2010 Gabor medal and prize
Professor Pratibha L Gai
The University of York
For her pioneering development of atomic – resolution environmental transmission electron microscopy and its application to instrument manufacture and industrial processing.
Gai is a hands-on scientist distinguished for the pioneering development and application of environmental transmission electron microscopy (ETEM). ETEM allows direct observation of the actual course of gas-solid reactions on the atomic scale under controlled reaction conditions. Her outstanding successes, though stimulated in her earlier academic career in Oxford and now continuing in York, were largely achieved during her eighteen year employment at DuPont, USA.
The equipment she inspired is now utilized by manufacturers and numerous scientists world-wide with global sales so far of ten front-line instruments each costing about £5M. Major benefits have thus flowed to the electron microscope manufacturers FEI and JEOL with whom Gai collaborated closely over prototype design. Even more significant has been Gai’s own work with time-resolved, high resolution ETEM in direct observation of gas molecule reactions with solid surfaces often at high temperature and at pressures sufficient for meaningful results.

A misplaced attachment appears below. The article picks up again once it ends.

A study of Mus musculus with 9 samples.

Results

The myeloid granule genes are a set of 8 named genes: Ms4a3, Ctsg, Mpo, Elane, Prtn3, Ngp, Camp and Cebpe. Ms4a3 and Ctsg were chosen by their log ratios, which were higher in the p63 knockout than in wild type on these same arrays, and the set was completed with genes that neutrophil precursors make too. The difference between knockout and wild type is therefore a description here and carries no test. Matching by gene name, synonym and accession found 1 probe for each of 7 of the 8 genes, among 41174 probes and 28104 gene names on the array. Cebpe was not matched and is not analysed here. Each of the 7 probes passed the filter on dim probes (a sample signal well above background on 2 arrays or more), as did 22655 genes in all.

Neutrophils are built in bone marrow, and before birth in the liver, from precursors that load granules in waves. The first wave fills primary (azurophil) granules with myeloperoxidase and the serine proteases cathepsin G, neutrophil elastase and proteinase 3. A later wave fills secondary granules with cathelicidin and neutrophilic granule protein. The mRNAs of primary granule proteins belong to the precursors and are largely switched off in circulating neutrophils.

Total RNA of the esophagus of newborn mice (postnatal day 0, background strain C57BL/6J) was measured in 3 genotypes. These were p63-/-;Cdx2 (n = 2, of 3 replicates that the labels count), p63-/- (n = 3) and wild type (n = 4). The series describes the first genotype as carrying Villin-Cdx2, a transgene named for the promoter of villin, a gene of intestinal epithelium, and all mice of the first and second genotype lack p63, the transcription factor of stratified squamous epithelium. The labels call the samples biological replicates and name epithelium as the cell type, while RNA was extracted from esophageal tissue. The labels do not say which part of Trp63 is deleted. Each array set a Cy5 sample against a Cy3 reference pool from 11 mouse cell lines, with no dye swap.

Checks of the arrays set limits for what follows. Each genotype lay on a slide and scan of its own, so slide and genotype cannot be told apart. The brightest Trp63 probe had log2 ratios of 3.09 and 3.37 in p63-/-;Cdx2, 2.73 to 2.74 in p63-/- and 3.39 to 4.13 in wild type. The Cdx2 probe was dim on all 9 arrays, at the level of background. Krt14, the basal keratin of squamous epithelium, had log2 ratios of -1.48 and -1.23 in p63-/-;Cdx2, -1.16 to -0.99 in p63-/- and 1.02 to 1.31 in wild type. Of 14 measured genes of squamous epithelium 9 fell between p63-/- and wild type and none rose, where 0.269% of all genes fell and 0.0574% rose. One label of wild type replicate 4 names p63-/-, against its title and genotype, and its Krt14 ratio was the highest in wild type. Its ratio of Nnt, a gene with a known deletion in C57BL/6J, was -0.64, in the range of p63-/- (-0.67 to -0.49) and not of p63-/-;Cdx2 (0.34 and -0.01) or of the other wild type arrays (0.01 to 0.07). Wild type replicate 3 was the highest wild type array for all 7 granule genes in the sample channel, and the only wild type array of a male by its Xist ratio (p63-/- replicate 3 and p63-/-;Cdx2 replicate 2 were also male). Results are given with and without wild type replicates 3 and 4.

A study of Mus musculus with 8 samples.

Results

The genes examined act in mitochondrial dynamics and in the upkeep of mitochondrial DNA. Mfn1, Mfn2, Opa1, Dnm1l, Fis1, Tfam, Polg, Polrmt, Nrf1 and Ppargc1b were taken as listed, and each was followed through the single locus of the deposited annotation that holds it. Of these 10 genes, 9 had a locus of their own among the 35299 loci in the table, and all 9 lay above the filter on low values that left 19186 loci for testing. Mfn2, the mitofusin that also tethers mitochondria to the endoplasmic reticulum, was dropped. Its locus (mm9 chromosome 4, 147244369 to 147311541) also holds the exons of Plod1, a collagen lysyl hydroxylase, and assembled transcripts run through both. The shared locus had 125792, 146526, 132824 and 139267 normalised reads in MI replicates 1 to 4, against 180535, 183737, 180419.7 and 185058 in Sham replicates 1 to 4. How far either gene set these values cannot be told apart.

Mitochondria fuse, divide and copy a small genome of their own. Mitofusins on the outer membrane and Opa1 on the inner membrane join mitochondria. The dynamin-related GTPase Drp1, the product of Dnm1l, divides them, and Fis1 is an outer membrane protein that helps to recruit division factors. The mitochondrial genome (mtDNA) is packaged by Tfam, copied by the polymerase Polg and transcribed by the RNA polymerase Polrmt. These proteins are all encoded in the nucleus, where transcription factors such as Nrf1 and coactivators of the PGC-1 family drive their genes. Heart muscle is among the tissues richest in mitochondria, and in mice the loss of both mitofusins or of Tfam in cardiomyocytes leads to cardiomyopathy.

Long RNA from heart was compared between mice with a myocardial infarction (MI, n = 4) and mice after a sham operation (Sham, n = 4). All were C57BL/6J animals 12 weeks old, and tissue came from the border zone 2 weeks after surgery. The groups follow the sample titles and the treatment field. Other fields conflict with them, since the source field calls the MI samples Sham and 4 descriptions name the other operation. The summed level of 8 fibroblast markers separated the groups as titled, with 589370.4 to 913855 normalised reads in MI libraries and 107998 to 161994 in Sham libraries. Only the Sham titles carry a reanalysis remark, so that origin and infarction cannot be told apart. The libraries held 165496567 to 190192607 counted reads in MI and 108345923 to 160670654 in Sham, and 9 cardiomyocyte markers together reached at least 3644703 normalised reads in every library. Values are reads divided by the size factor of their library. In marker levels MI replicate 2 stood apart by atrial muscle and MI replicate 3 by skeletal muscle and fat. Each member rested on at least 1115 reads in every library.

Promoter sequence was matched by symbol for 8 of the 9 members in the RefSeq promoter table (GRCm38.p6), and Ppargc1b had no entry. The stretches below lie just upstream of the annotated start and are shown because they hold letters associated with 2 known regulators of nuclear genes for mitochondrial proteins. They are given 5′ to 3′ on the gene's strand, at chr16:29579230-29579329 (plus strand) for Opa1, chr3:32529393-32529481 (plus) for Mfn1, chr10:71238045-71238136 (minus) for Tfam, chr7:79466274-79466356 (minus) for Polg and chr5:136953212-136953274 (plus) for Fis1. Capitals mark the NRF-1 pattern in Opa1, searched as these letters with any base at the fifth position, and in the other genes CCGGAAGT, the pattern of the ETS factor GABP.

Her observations have unmasked the critical role of key atomic sites and defects in many gas-solid catalytic reactions such as their role in storing subsurface oxygen. She discovered a novel reaction mechanism in the vanadyl pyrophosphate oxides used in an industrial polymer production process. A particular commercial triumph resulting from the ETEM work has been DuPont’s development of a new “green” and more economical process for nanocoating of pigment particles to make them more photostable.
These pigments are used for strong polymers, coatings and other products by DuPont in UK as well as in the USA and the industrial impact has already led to financial benefits of over £50 million. Since her return to the UK, Gai has set up a leading Nanocentre at York where ETEM results on the next generation of biofuels are already emerging.